According to some reports, the US spy agency along with al-Qaeda terrorists are now operating in the southern areas of Turkey that border Syria.
According to a July 31 report by the NBC News channel, nearly two dozen missiles have been delivered to the rebels in Syria by Turkey. The report, however, did not provide details on the exact type of the missiles, also known as MANPADs (man-portable air-defense systems).
An interview with security analyst, Charles Shoebridge.
The interview also offers the opinions of two other guests: author and historian Webster Griffin Tarpley and international lawyer, Franklin Lamb.
Q: Looking at the role of Turkey, this program specifically is taking a look at what role Ankara has been playing in Syria. Before we move on to the broader aspects of the conflict there, let’s discuss the question of Turkey becoming the main stronghold now of foreign forces against President Assad. Would you go as far as saying that?
Shoebridge: I think the fact is that if you have got a situation where many of the refugees have formed camps along the Turkish border, it’s inevitable that amongst those all those camps are going to be used as a haven if you like for the armed opposition’s organization, not purely as if you like humanitarian areas.
Now Turkey has of course provided a lot of support for those refugees from the fighting and they are also of course it’s well known, it’s been publicized by various media, in fact not really hidden by Turkey itself that of course within those camps, within those areas naturally you therefore also have the organization of the armed opposition and amongst the armed opposition you are also going to have elements of what would certainly in the West be called extremist or even al-Qaeda operatives. And so therefore I think if you look at even the geography of the place, let alone the politics, if you look at the nexus within Turkey of the Syrian rebel fighters being largely based there; if you look at for example the West cease of access to Syria via Turkey for example the CIA of course interconnecting with Turkish agents in what is after all a NATO power, then of course you will see why Turkey has become so crucial not only to the rebel supplies but also their political and military organization.
Q: Our guest earlier on in Washington referring to the ties between Turkey and the United States, how important those ties have now become. We had in the latest reports the Turkish lawmakers saying that Turkey’s Hatay province which is on the Mediterranean coast is now in his words in the hands of American and Israeli agents. Now in your view how much of its authority has Turkey actually given away on this issue, Mr. Shoebridge?
Shoebridge: I think obviously all countries are beholden to their political ties. We need to consider not just the region but also the global level of Turkey’s interactions with its allies. The United States is clearly one of its most important if not its most important ally and naturally therefore you would imagine that it will if you like align itself with America’s policy in the region particularly in respect to its neighbor Syria and now it has done that. In fact of course Turkey is going beyond what the United States is actually on the surface at least publicly doing, and it is actually channeling arms and equipment to the rebels as opposed to through intermediaries. There is also an issue in relation to the EU, don’t forget that not only is Turkey a member of NATO, it is also seeking EU membership.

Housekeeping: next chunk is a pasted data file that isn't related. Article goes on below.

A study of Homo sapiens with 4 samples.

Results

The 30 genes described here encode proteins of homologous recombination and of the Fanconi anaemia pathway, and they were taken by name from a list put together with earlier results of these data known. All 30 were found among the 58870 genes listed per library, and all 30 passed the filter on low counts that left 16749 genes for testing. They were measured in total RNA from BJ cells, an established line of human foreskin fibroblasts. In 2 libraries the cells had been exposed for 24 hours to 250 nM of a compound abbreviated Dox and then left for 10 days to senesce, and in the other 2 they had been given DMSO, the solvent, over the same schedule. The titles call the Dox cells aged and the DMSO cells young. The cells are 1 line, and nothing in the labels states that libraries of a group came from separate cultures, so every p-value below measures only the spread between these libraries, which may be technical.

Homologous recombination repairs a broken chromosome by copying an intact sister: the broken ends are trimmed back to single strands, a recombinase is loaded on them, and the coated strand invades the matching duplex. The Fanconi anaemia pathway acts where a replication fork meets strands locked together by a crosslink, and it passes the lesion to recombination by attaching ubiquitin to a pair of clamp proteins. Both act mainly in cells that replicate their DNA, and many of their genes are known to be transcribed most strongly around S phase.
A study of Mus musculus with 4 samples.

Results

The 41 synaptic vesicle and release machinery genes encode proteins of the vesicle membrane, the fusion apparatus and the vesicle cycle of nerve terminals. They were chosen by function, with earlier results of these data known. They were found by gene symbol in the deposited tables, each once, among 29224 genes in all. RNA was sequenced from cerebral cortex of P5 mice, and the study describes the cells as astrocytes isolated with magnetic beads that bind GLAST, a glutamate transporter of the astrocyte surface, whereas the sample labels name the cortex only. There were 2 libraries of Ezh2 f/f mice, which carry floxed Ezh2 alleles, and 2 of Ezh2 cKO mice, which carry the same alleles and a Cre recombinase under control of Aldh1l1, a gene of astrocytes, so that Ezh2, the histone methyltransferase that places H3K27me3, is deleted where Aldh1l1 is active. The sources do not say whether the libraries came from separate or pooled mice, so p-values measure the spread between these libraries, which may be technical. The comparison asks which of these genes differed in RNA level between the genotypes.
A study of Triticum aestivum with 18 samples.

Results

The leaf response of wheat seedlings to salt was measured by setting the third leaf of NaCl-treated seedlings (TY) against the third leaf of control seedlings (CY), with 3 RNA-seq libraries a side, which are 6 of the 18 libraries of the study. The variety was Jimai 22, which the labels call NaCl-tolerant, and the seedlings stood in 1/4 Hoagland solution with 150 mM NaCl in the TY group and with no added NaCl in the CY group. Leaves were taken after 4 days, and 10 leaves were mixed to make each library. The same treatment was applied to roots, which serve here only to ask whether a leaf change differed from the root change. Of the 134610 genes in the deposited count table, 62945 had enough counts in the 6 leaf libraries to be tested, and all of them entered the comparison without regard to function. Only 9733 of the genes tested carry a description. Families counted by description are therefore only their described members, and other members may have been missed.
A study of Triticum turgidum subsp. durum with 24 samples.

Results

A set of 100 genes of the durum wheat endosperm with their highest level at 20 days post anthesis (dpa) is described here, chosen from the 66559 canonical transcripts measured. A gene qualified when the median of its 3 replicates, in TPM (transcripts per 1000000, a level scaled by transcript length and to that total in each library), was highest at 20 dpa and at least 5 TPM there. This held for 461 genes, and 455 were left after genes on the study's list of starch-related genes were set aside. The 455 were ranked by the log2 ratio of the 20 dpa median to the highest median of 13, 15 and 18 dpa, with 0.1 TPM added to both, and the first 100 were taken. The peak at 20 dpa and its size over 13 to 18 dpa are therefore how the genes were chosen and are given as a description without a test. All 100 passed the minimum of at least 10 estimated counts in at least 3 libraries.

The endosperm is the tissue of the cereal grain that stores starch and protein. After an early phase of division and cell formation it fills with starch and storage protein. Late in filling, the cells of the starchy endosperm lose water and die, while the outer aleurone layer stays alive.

The EU is also supporting, albeit not with weapons but it is supporting politically the rebels on the ground and outside Syria and therefore again we can expect Turkey to do this. But I would say that also I think in many ways Erdogan has looked at the situation that is possibly imploding within Syria because of the nature of the backing from rebels from Saudi Arabia and other places and it may well be that Erdogan is actually just positioning as indeed your last speaker said, positioning Turkey for possible implosion of Syria in the future to its best advantage particularly vis-a-vis the Kurdish population of course in Syria itself.
Q: Mr. Shoebridge, would you agree then that what Turkey decides when it comes to Syria is what the United States has decided beforehand that it is taking its guidelines from the United States?
Shoebridge: Yes, I think they’re working together, like I said they’re both members of NATO; they are extremely close in terms of their military structures and also politically of course. Really it seems to me almost inconceivable that Turkey would act certainly overtly without at least the approval of the United States and one might expect that given their closeness.
To go back to what your previous speaker was saying, I would imagine that it’s extremely unlikely that we will see direct American presence, boots on the ground or even any military intervention in Syria.
The reason I say that is because first of all American public opinion especially in an election year is now opposed to war as we have seen in Afghanistan, Iraq and so on.
But secondly I think there is increasing awareness amongst aspects of the media. We have seen articles recently in Der Spiegel, in New York Times and in other places that is revealing slowly but surely to the American and Western public that they cannot take it for granted that because people are opposed to ...Assad in Syria that those people are democracy-seeking themselves. So it may be people are seeing more and more that they should not support such people.